Friday, December 16, 2005

Fisk-fest

It just keeps getting worse in Lebanon, as I'm sure most of us were thinking when Jibran Tueni, journalist/editor/opposition MP, was killed the other day. Who doesn't think it's the Syrians who are responsible? Probably no one, but the bizarre thing is that these murders of prominent anti-Syrian public figures (Samir Kassir and George Hawi, along with the attempt at May Chidiac) go on unabated while Detliv Mehlis continues his investigation into the murder of Rafik Hariri. In fact, the bomb that killed Tueni went off just a few hours before Mehlis' latest report (there's a link you can download) was made public.

Robert Fisk, as you might guess, has a lot to say on the situation. This morning I read the two articles below with a huge sense of anger that Lebanon cannot just be left alone to deal with its own demons. Things had really seemed to be looking up.

"Who Will be Next?" and "In Lebanon the Men Do the Dying and the Women Do the Mourning"

I'm also including a transcript from a radio interview with Fisk as well as a really great article in today's Salon reviewing his book (watch the short ad, it's worth it.) It cracks me up that Fisk has been so vilified by many here in the States, particularly since he's one of the few people reporting from the Middle East who actually really knows it. Too often people here are too dumb to realize just how important that is.

4 Comments:

At 9:45 PM, Blogger lulu said...

Amanda- Thank you so much for these links! I will be checking them out right now. I have heard Fisk speak at different venues in the past few years, and it also amazes me how he is looked upon unfavorably here in the US. He truly probably knows more than many Arabs about their own history and current events.

 
At 5:08 AM, Blogger huh said...

Hi, i for one have not concluded that this was the work of Syrians. I don't want to sound naive or anything, but its just all this media thats coming from the US. I dont know what to believe...I believe killer bees did it. I didnt know that things were that bad until the mbc network (brought to us by the letter K and the whitehouse) blessed us with MBC 4, and i witnessed first hand what news people in America watched....I WAS SHOCKED!!!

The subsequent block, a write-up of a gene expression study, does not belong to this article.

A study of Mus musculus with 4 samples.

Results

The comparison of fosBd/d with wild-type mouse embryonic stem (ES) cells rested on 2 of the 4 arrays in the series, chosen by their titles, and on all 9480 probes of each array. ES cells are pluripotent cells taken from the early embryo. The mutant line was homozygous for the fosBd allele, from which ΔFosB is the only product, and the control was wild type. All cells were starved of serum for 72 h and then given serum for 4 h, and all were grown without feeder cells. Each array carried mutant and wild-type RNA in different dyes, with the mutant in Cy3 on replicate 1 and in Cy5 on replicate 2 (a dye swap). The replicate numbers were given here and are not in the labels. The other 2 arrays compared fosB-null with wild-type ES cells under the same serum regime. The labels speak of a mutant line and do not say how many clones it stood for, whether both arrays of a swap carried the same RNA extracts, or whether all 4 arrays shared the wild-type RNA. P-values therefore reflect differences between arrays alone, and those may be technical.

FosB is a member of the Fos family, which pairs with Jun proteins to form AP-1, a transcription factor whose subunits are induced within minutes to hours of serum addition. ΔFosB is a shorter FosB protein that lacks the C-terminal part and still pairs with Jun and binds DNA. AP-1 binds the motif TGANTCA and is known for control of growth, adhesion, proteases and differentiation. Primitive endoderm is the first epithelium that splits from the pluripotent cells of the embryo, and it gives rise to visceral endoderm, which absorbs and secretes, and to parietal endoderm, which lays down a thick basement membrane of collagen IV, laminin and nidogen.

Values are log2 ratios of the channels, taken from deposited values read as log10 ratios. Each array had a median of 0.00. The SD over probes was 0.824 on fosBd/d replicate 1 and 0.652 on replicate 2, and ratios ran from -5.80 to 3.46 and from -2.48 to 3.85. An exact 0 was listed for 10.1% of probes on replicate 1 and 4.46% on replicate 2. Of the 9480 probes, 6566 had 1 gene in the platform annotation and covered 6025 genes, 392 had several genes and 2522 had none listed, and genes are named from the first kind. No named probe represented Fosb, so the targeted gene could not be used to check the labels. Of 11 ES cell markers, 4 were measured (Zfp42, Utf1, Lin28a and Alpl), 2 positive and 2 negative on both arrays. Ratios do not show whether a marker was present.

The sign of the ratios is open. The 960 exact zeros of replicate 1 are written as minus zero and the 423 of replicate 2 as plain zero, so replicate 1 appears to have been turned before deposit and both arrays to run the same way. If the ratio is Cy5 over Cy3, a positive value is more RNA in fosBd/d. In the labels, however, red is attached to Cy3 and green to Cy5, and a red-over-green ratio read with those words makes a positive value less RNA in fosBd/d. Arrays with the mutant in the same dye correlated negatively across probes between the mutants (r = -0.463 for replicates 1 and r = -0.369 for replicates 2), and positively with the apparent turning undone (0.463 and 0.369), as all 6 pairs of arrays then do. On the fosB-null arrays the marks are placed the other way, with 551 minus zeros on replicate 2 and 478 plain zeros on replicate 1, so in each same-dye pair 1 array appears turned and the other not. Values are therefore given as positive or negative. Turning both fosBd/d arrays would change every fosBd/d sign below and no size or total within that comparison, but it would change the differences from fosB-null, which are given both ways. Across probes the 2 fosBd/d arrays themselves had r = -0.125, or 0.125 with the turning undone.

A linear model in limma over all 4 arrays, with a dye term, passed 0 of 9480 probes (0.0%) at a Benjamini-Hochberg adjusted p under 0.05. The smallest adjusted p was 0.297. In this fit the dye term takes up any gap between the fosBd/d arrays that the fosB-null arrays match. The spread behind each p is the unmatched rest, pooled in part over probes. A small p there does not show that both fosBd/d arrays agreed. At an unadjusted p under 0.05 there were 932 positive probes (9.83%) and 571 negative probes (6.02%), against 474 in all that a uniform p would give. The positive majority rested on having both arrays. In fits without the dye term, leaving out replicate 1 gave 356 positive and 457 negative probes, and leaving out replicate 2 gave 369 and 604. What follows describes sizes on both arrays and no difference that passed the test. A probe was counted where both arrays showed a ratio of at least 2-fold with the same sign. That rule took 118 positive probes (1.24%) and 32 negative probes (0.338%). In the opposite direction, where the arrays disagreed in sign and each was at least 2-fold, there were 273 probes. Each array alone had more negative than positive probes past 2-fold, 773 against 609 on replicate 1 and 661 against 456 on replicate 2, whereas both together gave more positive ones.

oh well, only time will tell

my spammyy....sorryyy
submit your blog to http://www.iopblogs.com its a geographic aggregator, its in beta stage for now, but we already have some countries up...i would love it if Jordan was next (my home country)

 
At 5:29 AM, Anonymous Anonymous said...

I'm going to be honest with you. I for one don't believe the Syrians are responsible for this. Most of the arab world knows who is behind this, one of Lebanon's neighbors.

The Syrians lost a lot from these assassinations. It's not them. You have to be insane to believe they would destroy their own character by engaging in these assassinations.

Someone is framing them. Syria has a lot to lose and nothing to gain. One, two or even 20 assassinations won't change the opinion of the Lebanese people. So tell me, do you really think they're behind this?

That Syrian official that killed himself? He was assassinated too by the same people responsible for Hariri's death. It was done to make it look like Syria was responsible. The Lebanese people are so gullible to believe that Syria was responsible.

I want to pose a question to you. If an assassin from Japan was sent out to kill Hariri, and let's assume he was the one responsible for this action. Would the following events that have ensued right after Hariri's death? Of course. Basicly anyone could have done it and we are all just speculating here.

 
At 4:32 PM, Blogger Ajnabeeyeh said...

Well, I guess I should respond to the few conspricists in the group, here. You'll have to excuse me. I'm not currently living in Jordan, so maybe that's why it didn't dawn on me that Israel, that neighbor of Lebanon (or, could it possibly be another neighbor) was behind it all. I also haven't gleaned any information from the American media, which I typically avoid like the plague. Fisk, who has been living in Beirut for the past 30 years, seems to think that's what people in Lebanon are thinking, and everyone else I've talked to does as well. I don't necessarily think it's the Syrian gov't, but the intelligence apparatus is a pretty good place to point a finger, I'd say.